Cases of COVID-19 have been rising among children and young adults since October, the Centers for Disease Control and Prevention said in new research that suggests that college reopenings may have worsened outbreaks.
The agency said that while opening elementary and high schools does not lead to a surge in new cases, reopening colleges and universities might.
The study, released Wednesday, examined cases from March 1 until Dec. 12 and found that cases were highest among young people in December. In the week of Dec 6-12, reported infections ranged from 99.9 cases per 100,000 among ages 0-4 to 379.3 among ages 18-24.
Part of the explanation may be due to higher testing among children as the pandemic wore on. In the week beginning May 31, 435,434 tests were given to ages 0-24. By the week beginning Dec 6, over 2.2 million tests were given.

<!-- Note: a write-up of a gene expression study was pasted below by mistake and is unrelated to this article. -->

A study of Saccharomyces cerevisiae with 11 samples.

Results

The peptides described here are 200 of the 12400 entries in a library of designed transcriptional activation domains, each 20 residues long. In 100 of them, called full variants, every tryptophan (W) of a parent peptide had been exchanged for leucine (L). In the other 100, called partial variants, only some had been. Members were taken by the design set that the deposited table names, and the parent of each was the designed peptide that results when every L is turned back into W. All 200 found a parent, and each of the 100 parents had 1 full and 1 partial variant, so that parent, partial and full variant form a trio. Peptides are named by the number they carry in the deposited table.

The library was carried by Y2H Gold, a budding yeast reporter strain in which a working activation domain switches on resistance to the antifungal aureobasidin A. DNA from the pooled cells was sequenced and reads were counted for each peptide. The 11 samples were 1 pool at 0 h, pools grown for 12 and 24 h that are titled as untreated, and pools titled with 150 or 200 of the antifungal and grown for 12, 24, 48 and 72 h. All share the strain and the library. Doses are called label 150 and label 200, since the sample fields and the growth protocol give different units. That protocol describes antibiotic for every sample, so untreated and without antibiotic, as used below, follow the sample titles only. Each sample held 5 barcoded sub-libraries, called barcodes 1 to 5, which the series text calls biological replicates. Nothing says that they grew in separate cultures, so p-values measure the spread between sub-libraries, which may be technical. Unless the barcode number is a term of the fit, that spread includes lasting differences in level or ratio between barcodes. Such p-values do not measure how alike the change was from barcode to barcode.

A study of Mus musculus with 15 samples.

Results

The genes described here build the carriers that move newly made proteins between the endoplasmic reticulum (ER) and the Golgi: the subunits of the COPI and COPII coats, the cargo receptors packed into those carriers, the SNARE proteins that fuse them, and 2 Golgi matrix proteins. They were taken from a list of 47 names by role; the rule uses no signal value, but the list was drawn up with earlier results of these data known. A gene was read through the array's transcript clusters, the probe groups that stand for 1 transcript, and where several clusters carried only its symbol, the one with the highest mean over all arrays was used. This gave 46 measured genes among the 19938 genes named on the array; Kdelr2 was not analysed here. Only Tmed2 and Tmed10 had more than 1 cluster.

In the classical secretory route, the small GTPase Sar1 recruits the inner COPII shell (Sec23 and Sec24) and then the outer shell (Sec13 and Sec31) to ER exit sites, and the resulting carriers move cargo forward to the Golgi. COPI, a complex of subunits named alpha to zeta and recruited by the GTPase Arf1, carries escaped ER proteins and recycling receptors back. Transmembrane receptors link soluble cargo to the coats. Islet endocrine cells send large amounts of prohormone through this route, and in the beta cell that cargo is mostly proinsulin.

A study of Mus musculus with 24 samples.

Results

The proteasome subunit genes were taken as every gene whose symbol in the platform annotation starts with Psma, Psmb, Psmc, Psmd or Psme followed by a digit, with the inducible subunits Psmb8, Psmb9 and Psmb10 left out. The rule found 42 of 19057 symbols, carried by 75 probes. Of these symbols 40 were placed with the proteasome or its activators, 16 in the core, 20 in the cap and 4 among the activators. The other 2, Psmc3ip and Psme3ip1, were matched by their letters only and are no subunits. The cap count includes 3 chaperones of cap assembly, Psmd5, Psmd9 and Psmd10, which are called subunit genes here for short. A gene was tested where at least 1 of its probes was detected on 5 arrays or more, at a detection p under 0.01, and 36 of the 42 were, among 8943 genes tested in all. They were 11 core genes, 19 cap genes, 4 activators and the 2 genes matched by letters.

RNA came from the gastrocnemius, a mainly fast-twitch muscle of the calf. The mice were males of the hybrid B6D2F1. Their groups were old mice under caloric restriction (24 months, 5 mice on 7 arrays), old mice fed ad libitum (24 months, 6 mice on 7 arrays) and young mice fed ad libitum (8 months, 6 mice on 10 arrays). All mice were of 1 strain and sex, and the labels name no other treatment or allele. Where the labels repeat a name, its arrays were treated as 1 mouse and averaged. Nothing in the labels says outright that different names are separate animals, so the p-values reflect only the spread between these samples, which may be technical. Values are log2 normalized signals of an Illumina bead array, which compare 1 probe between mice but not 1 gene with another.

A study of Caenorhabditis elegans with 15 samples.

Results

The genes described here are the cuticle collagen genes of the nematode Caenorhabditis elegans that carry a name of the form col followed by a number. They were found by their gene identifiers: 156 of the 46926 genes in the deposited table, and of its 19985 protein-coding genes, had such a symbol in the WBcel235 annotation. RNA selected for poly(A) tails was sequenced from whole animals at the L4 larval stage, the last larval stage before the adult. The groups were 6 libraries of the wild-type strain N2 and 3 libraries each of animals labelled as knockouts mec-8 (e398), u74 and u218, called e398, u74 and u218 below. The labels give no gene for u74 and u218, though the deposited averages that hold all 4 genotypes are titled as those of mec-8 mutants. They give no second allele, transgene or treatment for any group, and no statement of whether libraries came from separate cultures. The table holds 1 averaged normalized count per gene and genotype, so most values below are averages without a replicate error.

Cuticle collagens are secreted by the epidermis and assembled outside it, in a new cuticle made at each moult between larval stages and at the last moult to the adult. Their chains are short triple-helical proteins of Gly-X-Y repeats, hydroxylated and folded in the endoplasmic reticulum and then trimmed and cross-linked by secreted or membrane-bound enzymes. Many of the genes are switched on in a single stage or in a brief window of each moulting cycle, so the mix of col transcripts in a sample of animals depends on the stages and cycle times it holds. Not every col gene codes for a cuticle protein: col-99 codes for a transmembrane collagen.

But it cannot be explained entirely by testing. Tests for COVID-19 among children and young adults began to increase steadily in August. The current increase among young people didn’t begin until October, when a nationwide surge began.
The study casts doubt on the theory that reopening preschools, elementary schools, or high schools leads to a higher incidence of COVID-19 among adults. “Case data do not indicate that increases in incidence or percentage of positive test results among adults were preceded by increases among preschool- and school-aged children and adolescents,” the study states.
However, the reopening of colleges and universities might be responsible for the fall surge. Cases among ages 18-24 showed “peaks in mid-July and early September that preceded increases among other age groups, suggesting that young adults might contribute more to community transmission than do younger children,” the study concluded.